For Labor Day: A Nod to a Woman Who Pushed for Worker Safety

Alice Hamilton was the energy behind investigating workplace health hazards. She should be honored for drawing attention to the daily dangers to which workers are exposed.

Honoring workers with a day dedicated to them is admirable, but keeping them safe is even more so, and industrial toxicology was a field that was just being explored when Labor Day was established. At this time -- the late 19th century -- women had very few options in the workplace, so it is all the more remarkable that a woman was behind the creation of a field trying to correct toxic work environments. Alice Hamilton (1869-1970) was the energy behind investigating workplace health hazards, and on a day that recognizes the value of American workers, Hamilton should be among those who are honored for drawing attention to the daily dangers to which workers are exposed.

Hamilton was one of five children born in Fort Wayne, Indiana. Because she was born to prominent parents she had the opportunity for a good education, and at that time, students could go from high school directly to medical school. After completing boarding school, Hamilton entered medical school and became fascinated by pathology. She decided to become a research scientist rather than to go into clinical practice, and in 1893, she graduated from the University of Michigan Medical School. Hamilton's sister was going to Europe to study the classics, and Hamilton decided to accompany her to continue her studies in bacteriology. The universities in Munich and Leipzich had never before admitted female students, so she was permitted to attend lectures in bacteriology and pathology "if she made herself inconspicuous." She then returned to the United States where she became a researcher at Johns Hopkins Medical School.

In 1897 she became professor of pathology at the short-lived Women's Medical School at Northwestern University. She was still in the Chicago area in 1902 when the city experienced a typhoid epidemic. Hamilton lived and worked among the poor, and she made a connection between poor sewage disposal and the role of flies in transmitting disease. Her information led to reorganization of the Chicago health department, and soon the governor of Illinois appointed her to the Illinois Commission on Occupational Diseases, and the group ran a groundbreaking study surveying industrial diseases in Illinois.

At the time there were no laws regulating safety in the workplace. Her efforts became well known, and she was soon called upon to address issues for the national government. From 1911 to 1920 she served as a special investigator for the federal Bureau of Labor (later called the Department of Labor) where she undertook a study of the use of lead and lead oxide in manufacturing paint. (No one understood the dangers of lead poisoning at this time.) She also noted the health problems of workers who were exposed to noxious chemicals.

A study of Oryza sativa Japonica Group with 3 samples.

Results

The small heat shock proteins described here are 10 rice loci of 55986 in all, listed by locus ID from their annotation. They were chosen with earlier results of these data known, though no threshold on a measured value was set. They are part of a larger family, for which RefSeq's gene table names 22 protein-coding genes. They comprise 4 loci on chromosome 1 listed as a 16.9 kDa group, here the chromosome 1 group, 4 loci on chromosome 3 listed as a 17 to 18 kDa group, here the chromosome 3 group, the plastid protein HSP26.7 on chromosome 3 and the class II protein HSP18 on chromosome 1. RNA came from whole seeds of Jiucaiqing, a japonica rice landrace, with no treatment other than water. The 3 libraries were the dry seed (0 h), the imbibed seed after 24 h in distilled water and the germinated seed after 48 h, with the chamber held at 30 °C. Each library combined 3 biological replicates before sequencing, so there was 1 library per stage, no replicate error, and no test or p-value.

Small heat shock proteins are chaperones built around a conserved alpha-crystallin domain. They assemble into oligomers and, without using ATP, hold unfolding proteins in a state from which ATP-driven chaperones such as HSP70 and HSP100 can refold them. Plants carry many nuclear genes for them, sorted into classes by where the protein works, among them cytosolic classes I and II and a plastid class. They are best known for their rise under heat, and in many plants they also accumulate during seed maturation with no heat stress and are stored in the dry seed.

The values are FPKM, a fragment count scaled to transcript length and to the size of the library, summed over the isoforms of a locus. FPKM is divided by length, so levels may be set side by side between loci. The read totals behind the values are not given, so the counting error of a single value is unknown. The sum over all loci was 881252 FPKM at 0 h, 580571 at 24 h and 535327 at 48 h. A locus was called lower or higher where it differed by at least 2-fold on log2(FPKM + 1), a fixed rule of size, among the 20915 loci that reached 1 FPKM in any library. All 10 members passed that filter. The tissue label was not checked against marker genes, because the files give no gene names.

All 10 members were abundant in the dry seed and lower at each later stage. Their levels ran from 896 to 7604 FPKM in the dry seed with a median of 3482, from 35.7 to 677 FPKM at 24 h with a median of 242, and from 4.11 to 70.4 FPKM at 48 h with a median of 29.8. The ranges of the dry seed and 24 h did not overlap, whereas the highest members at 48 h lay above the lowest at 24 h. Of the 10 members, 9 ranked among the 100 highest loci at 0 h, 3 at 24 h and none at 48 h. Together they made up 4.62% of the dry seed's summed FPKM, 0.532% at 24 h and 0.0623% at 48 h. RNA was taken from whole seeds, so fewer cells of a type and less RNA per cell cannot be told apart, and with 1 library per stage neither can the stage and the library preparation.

By 1919 Alice Hamilton was the acknowledged expert in the field of industrial medicine, and though Harvard University's entire faculty was male, the medical school determined that they would create a department of industrial medicine with Hamilton as its leader. She was to be given the title of assistant professor, and Harvard placed three qualifications on her appointment: Dr. Hamilton was not to use the Faculty Club; she would not be permitted to march in commencement processions with the rest of the faculty; and she would never be given football tickets, a "perk" available to the rest of the faculty. She took the position and was never given a higher standing than assistant professor.

Though she maintained a full schedule of teaching responsibilities, Hamilton continued to devote six months a years to conducting her surveys of employment conditions within various industries. Over time she revealed to government and business the dangers of certain dyes, carbon monoxide, mercury, lead, radium (commonly used in wristwatch dials), benzene, the chemicals in storage batteries, and carbon disulfide and hydrogen sulfide bases which ware created during the process of making rayon.

Hamilton died in 1970 at the age of 101. She dedicated her life to making life better for other people and was active with both health-related and political causes. Labor Day is the perfect time to recognize her.